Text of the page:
The clay is 10,000-years-old and has been used for centuries to combat ulcerative colitis, stomach ulcers, arthritis, and skin irritations.
Most often, nature’s cures turn out to be the best. Scientists with the University of British Columbia found this out after discovering a clay historically used by aboriginal Canadians from Kisameet Bay, British Columbia. Called Kisomeet, the clay has been used for centuries to treat ulcerative colitis, stomach ulcers, arthritis, and skin irritations.
In a study published in the journal mBio, the researchers relay that the 10,000-year-old deposit of clay is actually highly effective against antibiotic-resistant infections. As a result, the clay could be a major step forward in fighting superbugs.
The scientists found that a dangerous group of bacteria died when incubated in water combined with the clay. As Popular Science reports, ESKAPE pathogens, which are responsible for the majority of hospital infections in developed nations, were exposed to the sediment. They include Enterococcus faecium, Staphylococcus aureus, Klebsiella pneumoniae, Acinetobacter baumannii, Pseudomonas aeruginosa, and Enterobacter species.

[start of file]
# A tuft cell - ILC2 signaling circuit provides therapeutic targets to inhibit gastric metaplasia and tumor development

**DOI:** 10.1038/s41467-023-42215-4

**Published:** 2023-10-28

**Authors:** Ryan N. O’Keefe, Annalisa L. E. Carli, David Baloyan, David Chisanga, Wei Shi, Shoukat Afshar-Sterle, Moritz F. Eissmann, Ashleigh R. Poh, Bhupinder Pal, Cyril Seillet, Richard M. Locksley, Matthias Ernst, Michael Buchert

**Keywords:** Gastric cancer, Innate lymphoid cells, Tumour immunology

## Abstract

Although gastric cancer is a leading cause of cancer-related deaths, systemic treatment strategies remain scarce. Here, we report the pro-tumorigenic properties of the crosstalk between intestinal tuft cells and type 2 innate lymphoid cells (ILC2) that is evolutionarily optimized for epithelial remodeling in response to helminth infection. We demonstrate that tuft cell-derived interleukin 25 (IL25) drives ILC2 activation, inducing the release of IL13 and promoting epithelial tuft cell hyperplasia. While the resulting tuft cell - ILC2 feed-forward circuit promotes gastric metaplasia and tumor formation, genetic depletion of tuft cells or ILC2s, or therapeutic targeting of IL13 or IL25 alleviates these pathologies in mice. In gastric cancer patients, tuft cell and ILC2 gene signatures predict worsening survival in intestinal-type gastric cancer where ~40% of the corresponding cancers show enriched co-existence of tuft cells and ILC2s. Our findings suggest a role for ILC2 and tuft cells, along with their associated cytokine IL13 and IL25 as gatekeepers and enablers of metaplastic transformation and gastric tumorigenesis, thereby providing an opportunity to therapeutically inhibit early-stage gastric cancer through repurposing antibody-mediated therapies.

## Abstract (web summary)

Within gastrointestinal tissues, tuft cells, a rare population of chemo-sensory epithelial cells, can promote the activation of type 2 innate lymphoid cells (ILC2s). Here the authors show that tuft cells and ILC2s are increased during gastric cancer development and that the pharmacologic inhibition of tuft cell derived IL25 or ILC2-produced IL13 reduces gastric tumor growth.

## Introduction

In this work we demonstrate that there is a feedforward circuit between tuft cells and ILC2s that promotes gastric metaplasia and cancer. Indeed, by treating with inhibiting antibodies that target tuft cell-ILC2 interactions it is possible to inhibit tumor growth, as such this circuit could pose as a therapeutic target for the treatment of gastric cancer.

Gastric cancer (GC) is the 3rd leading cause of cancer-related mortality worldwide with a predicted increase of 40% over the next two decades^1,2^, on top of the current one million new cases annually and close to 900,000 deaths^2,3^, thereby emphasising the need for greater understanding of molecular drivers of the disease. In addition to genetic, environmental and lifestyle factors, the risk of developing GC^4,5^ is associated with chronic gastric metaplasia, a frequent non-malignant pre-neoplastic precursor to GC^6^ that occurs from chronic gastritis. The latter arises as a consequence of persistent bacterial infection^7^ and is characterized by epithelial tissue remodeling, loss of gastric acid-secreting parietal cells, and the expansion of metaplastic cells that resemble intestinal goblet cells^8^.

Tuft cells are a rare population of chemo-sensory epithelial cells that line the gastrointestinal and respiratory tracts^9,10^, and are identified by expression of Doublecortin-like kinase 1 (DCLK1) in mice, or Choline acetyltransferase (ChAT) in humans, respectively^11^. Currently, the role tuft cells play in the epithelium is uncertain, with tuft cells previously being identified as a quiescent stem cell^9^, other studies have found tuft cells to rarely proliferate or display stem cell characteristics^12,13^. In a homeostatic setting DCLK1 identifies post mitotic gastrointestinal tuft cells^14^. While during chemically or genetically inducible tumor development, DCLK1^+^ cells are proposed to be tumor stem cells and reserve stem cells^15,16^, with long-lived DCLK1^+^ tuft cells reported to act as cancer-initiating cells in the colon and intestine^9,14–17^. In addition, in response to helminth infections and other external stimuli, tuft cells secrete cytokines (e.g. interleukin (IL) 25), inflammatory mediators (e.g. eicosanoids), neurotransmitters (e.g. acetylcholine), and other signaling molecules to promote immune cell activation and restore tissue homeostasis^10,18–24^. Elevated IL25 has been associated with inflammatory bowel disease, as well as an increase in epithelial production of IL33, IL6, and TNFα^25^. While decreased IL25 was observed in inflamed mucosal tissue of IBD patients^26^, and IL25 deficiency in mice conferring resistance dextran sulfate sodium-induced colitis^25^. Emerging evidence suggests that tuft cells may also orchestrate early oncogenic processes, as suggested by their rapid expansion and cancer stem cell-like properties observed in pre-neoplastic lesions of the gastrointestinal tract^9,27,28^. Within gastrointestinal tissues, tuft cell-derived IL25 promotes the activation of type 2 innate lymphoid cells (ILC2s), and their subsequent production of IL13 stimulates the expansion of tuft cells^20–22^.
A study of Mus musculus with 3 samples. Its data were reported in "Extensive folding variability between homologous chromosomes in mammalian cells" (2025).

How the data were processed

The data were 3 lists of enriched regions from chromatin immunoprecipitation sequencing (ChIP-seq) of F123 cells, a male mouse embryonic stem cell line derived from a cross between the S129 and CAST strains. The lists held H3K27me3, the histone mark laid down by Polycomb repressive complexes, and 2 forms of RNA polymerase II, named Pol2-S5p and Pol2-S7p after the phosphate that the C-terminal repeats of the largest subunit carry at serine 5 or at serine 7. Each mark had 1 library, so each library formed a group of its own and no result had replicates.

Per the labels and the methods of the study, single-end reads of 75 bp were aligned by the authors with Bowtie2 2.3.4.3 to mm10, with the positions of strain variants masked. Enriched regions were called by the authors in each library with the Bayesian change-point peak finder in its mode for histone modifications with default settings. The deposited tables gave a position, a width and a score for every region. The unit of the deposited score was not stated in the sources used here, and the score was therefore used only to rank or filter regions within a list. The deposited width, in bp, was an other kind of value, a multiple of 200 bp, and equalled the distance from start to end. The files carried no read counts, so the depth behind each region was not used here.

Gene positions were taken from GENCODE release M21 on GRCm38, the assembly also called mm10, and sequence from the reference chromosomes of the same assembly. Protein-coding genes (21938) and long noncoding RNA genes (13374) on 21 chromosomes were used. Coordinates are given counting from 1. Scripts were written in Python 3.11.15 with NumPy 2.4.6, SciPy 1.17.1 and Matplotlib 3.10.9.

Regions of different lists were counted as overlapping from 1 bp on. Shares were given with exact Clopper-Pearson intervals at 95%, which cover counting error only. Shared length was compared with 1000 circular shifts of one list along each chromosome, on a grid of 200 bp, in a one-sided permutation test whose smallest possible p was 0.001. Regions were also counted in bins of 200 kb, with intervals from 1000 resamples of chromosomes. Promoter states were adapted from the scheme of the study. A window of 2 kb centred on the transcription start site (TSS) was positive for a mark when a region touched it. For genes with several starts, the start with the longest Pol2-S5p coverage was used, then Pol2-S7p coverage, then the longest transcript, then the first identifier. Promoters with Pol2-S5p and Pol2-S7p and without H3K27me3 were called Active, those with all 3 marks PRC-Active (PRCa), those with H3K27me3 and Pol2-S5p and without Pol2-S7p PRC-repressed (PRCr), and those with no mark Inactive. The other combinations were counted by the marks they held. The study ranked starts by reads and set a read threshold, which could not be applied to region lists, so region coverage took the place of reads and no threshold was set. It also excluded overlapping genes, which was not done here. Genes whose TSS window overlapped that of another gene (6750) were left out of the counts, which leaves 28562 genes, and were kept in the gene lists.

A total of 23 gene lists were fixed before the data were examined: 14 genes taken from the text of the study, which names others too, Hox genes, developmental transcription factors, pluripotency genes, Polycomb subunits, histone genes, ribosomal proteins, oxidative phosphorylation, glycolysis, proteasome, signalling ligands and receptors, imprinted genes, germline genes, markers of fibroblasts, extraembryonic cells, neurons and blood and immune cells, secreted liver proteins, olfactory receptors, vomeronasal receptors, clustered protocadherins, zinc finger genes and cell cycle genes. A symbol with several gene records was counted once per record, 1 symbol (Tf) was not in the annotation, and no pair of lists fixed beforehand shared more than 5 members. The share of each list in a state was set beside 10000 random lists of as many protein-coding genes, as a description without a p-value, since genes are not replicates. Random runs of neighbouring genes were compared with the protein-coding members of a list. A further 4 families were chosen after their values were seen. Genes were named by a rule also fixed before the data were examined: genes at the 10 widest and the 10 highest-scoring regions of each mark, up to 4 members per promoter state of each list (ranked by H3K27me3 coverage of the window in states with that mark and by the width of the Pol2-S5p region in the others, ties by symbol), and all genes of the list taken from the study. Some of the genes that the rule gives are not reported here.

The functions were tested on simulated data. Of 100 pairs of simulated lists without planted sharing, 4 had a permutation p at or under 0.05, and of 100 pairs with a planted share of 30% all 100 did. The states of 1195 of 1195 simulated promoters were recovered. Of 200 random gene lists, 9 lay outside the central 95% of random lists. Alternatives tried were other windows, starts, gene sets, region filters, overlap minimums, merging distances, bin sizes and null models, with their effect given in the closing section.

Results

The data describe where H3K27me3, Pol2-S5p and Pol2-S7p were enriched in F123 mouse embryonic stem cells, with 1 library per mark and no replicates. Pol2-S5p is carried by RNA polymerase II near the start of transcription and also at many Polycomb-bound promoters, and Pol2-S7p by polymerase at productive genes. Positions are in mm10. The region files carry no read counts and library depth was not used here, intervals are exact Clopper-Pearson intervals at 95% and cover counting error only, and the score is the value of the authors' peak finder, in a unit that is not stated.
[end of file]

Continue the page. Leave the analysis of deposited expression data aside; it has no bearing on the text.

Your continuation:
“Infections caused by ESKAPE bacteria are essentially untreatable and contribute to increasing mortality in hospitals,” said Julian Davies, co-author of the study and microbiologist at the University of British Columbia.
Though the clay is not ready to be used as a treatment yet, there is potential for the components which make it so healing to be replicated or at least implemented in therapies to remedy symptoms of persistent ailments. Of course, scientists need to figure out how the clay actually works before progress can be made. Its discovery, nonetheless, is positive news.